Over 30 years ago, when no one was yet talking about terroirs or places of origin in Argentina, a group of producers in Luján de Cuyo created the first Denomination of Controlled Origin (DOC) in Argentina, and across the Americas, with a special focus on Malbec. Today, these “guardians” continue to preserve the identity of the department and iconic national grape with renewed spirit and vision.
One of them is Roberto de la Mota, who today is the President of the DOC Luján de Cuyo Council. Roberto de la Mota is continuing a legacy begun by his father Don Raúl in partnership with several other figures, and has led a long career in the Argentine wine industry in his own right, one that has seen him spend time at Cavas de Weinert, Terrazas de los Andes and Cheval des Andes. He is currently at the helm of Revancha, a personal project, and Mendel Wines, one of the wineries that joined the DOC in 2020.
In the month of Malbec, we talked to Roberto de la Mota about his work at the DOC, the country’s iconic grape, and more.
Interview with Roberto de la Mota
What is the outlook for Malbec following the 2023 harvest?
It’s been a year that you might describe as problematic due to all the weather issues we’ve had, but Malbec is a noble variety and in some areas it bounced back. Even the vineyards that weren’t affected by frosts or didn’t suffer from low temperatures have seen poor yields but with very good intensity, plenty of color, fruitiness and good balance. It’s still a little early, and harvesting is being brought forward a touch.
This is happening for two reasons: because of the low yields and the warm harvest season. But the interesting thing is that even though it’s warm, we’re being pleasantly surprised by the good acidity in the grapes. So the balance is very good. I think that it will be a poor harvest in terms of quantity but one of very good quality.
What are the DOC Luján de Cuyo’s plans for this year?
On the institutional side, we’re working to bring in more producers, and it’s going very well. There’s more and more interest. For example, right now we have three wineries going through the approval process.
In addition, we’re working on research in three different areas. With the wines, we’re carrying out a sensory analysis to properly characterize Malbec from Luján de Cuyo, working on different aromatic and taste components through the statistics we’ve gathered. The objective is to determine what distinctive qualities our Malbecs have in comparison with other areas.
Also, within the department, we’re looking to establish the differences between the different districts. We’ve organized a soil analysis by Guillermo Corona to characterize the terroir in each district to produce a new, modern map. In addition, we’re working in the vineyards to continue with our clonal selections to adapt them for different purposes.
Which of the districts or areas stand out the most today?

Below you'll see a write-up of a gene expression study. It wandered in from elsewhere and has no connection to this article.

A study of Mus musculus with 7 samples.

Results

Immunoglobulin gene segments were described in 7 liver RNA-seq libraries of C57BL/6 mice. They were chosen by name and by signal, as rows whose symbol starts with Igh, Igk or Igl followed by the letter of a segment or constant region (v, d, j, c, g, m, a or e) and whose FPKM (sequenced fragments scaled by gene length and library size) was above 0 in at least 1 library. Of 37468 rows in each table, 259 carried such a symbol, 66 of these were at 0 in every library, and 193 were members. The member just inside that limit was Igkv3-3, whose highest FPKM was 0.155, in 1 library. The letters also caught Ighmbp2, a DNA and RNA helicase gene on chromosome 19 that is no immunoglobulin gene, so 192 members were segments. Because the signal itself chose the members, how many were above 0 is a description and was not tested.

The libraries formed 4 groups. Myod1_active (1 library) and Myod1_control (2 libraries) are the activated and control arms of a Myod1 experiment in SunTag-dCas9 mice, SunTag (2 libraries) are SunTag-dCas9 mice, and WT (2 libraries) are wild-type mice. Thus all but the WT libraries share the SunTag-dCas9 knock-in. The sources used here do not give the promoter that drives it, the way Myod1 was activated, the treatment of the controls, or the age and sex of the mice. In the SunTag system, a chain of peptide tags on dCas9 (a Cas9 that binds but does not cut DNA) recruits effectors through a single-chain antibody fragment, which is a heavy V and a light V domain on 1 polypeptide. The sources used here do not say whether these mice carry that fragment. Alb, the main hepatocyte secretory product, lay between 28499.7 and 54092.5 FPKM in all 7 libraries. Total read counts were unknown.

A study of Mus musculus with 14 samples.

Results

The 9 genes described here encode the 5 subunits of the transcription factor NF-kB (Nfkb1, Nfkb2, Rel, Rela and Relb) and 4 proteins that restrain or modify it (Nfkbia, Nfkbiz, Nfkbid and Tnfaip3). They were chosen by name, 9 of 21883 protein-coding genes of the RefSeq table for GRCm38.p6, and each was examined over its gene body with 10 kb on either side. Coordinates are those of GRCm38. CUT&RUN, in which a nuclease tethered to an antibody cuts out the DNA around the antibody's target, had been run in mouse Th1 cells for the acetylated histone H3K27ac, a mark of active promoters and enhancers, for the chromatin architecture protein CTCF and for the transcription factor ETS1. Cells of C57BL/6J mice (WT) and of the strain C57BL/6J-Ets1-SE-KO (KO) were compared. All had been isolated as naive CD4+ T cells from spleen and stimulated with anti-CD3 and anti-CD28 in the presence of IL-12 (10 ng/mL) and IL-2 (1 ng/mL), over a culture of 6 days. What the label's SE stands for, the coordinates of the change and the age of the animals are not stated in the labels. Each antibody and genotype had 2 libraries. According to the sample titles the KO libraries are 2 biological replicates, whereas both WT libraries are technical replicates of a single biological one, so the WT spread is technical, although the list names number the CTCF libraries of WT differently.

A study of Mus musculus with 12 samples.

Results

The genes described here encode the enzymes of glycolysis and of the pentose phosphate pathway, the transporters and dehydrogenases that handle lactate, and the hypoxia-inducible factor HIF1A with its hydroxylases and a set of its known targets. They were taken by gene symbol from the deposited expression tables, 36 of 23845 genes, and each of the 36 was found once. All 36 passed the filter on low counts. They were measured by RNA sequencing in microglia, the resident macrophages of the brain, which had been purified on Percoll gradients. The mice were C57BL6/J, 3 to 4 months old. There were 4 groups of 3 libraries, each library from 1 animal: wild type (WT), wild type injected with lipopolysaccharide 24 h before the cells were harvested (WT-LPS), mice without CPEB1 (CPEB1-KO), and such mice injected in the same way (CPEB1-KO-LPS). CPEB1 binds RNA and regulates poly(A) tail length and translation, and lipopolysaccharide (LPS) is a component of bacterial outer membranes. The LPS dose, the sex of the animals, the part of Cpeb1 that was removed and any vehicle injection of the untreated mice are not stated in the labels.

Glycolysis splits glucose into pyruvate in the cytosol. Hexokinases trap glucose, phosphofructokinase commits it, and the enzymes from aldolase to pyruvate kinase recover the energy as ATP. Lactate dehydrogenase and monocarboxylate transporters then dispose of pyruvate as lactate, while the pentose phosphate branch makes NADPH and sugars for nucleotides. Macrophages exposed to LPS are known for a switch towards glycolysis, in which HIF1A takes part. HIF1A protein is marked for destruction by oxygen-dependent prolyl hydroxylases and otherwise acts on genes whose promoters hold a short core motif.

We’re working in different areas. With the new map we’ve made, which was approved at the end of 2022 by the National Institute of Viticulture (NIV), we created a new category within the DOC. What we’ve focused on is allowing some wines to have the name of their district on the label. That’s something new. So we’re going to have wines that come from the districts of Agrelo, Perdriel, Vistalba and almost certainly Las Compuertas.
There are additional requirements for putting the name of the district on the label. For example, in addition to the age of the vineyard, which is required to be part of the DOC, production cannot be more than 7000 kilos per hectare, and aging must be for at least 24 months. We’re trying to create a higher category within the DOC.
What are the main challenges for the DOC in terms of selling Malbec across the world?
We have plenty of work ahead of us, but I believe that the results will be very gratifying. That’s because, in general, consumers of wine at a certain level and in certain markets understand what a denomination of origin means. For instance, in the USA, although they don’t have DOs, they drink a lot of wine from Europe and know the difference between a Bordeaux and a wine from elsewhere. Or within the region, they know that a Margaux isn’t the same as a Paulliac or a Saint-Émilion. Or, with wines from Pedemonte in Italy, they know that a Brunello Di Montalcino is quite different from a Chianti.
When you present them with a DOC Luján de Cuyo, they know that it means that the producers implement rigorous quality controls, so we don’t have to say so. I think that the DOC Council and WofA have plenty of promotion work we need to do, but there are also a great many opportunities.
How many more markets does Malbec still have to win over? How much more popular can it get?
I think there are plenty. It’s true that some are worried that people are growing tired of Malbec, or that Argentina isn’t as fashionable as it was before, but I think that the grape has unique qualities that are still of great interest to the consumer. It allows you to produce wines that have vivid color, plenty of fruit, good body and gentle, rounded, fatty, plush tannins, especially in Luján de Cuyo.
Consumers, be they old hands or young drinkers, find that that makes it very easy to drink. That’s a very beneficial quality we need to emphasize much more. We need to consolidate the quality we’re achieving with our Malbecs and move on to the next level through zoning and diversity, which we can do successfully thanks to our years of research into the terroir and its potential. We have lots of growing still to do and many surprises in store.